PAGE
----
YOUNGSTOWN - Property owners whose mineral rights are held by the now-bankrupt D&L Energy should not see an interruption in the arrival of their monthly royalty checks, at least for now.
Federal Judge Kay Woods, overseeing the Chapter 11 bankruptcy case, on Friday gave the interim go-ahead for D&L to continue paying the bills associated with its regular business operations.
Local oil and gas attorney Alan Wenger of Harrington, Hoppe and Mitchell on Friday pointed out that generally, bankruptcy courts will preserve a bankrupt company's ability to continue doing business.
D&L Energy, in the spotlight in recent years for controversies surrounding its oilfield waste disposal business, also is the operator of production wells and the owner of mineral rights on more than 17,000 acres of real estate.
"That bankrupt estate can utilize that asset as any given asset, including selling or assigning those rights," Wenger said.
That could create an opportunity for the company to raise capital to pay its debts and eventually emerge from bankruptcy reorganization.
In fact, court documents indicated that D&L Energy had already done just that.
"Between 2011 and 2012, D&L sold portions of its deep rights to various purchases for gross proceeds in excess of $17 million," the court document states. "D&L currently owns some or all of the deep rights to approximately 17,000 acres of real estate. D&L's interest in these deep rights has substantial value as the average sale price for the deep rights pertaining to one acre of real estate is in excess of $2,300."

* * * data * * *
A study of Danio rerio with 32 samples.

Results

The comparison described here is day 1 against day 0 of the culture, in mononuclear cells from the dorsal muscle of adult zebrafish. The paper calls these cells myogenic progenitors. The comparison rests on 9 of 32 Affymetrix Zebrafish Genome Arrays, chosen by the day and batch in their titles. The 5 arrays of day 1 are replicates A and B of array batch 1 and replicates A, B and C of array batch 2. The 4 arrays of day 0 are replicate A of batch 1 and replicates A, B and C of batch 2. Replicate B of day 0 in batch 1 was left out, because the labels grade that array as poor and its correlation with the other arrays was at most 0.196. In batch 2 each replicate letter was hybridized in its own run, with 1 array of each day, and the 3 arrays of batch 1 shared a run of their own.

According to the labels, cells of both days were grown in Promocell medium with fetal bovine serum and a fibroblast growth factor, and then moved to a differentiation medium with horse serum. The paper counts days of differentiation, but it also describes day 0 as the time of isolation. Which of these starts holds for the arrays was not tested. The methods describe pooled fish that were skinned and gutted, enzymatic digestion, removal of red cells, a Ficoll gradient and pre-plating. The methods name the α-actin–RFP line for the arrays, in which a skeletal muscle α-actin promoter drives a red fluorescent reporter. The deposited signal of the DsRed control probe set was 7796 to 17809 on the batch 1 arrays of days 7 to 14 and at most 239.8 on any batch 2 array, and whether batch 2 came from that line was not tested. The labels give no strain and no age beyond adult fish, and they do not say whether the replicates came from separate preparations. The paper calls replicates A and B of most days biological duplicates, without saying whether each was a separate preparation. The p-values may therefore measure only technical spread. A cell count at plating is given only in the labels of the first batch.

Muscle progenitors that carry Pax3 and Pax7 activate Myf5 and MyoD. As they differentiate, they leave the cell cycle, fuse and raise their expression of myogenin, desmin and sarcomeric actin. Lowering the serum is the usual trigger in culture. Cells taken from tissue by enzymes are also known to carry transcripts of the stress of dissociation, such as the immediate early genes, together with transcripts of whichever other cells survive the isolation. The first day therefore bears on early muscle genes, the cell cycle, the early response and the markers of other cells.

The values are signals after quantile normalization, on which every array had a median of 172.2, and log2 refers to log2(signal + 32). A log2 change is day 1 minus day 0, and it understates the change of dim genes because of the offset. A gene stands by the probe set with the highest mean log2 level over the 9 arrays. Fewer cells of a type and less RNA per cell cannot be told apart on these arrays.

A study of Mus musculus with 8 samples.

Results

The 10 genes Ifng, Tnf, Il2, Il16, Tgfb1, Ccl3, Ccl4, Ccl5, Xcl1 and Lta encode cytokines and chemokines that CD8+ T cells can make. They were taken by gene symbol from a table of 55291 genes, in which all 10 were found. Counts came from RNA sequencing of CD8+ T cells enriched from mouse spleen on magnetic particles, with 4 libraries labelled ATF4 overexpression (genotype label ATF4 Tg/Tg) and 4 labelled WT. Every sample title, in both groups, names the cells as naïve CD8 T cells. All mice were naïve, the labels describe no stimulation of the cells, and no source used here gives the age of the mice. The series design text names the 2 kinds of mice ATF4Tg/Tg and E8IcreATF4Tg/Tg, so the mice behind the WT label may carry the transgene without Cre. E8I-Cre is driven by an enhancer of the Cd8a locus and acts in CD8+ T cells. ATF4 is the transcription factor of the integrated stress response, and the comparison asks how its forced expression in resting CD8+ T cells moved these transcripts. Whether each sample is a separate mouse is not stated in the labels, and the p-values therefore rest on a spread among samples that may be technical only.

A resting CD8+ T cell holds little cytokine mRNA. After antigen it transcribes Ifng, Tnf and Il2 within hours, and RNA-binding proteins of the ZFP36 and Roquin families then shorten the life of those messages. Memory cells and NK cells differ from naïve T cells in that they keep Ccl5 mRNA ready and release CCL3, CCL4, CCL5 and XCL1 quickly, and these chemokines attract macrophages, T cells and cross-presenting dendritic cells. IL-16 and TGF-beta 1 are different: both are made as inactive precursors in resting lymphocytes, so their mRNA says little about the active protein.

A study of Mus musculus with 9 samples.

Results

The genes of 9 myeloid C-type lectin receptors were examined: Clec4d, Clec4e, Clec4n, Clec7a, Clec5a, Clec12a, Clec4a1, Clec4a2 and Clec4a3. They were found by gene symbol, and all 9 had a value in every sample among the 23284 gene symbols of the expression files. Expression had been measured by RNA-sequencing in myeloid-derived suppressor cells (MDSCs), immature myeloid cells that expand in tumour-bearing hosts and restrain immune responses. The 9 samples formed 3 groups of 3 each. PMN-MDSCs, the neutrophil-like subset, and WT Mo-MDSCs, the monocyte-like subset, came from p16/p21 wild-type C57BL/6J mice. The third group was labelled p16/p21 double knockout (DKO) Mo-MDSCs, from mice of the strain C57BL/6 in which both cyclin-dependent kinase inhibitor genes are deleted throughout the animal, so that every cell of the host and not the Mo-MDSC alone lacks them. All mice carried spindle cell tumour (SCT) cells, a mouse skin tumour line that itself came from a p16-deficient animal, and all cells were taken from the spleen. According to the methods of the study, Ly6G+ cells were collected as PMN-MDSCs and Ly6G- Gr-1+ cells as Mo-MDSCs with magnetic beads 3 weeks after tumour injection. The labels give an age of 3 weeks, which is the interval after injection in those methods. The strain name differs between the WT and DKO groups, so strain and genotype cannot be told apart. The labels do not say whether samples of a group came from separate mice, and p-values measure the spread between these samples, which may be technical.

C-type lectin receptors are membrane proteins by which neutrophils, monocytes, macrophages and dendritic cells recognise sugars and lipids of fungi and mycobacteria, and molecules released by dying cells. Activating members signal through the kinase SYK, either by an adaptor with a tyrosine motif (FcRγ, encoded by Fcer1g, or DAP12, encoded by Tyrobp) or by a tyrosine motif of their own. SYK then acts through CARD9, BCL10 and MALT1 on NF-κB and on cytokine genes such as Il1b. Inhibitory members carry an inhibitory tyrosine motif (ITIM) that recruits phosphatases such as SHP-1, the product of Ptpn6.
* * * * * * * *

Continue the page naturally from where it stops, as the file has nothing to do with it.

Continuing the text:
For now, though, the company will maintain those rights.
And while the company hinted that it may be looking to market those rights to other oil and natural gas drillers, any deal to sell those rights would require the approval of the bankruptcy trustee and the federal judge.
"The bankruptcy trustee and the judge could change the terms of the contracts," Wenger said. "There might be some delays (in royalty payments) because of administrative issues."
But other than that, distribution of monthly royalty checks from the production wells to property owners should be routine.
A message left seeking comment with D&L Energy was not returned.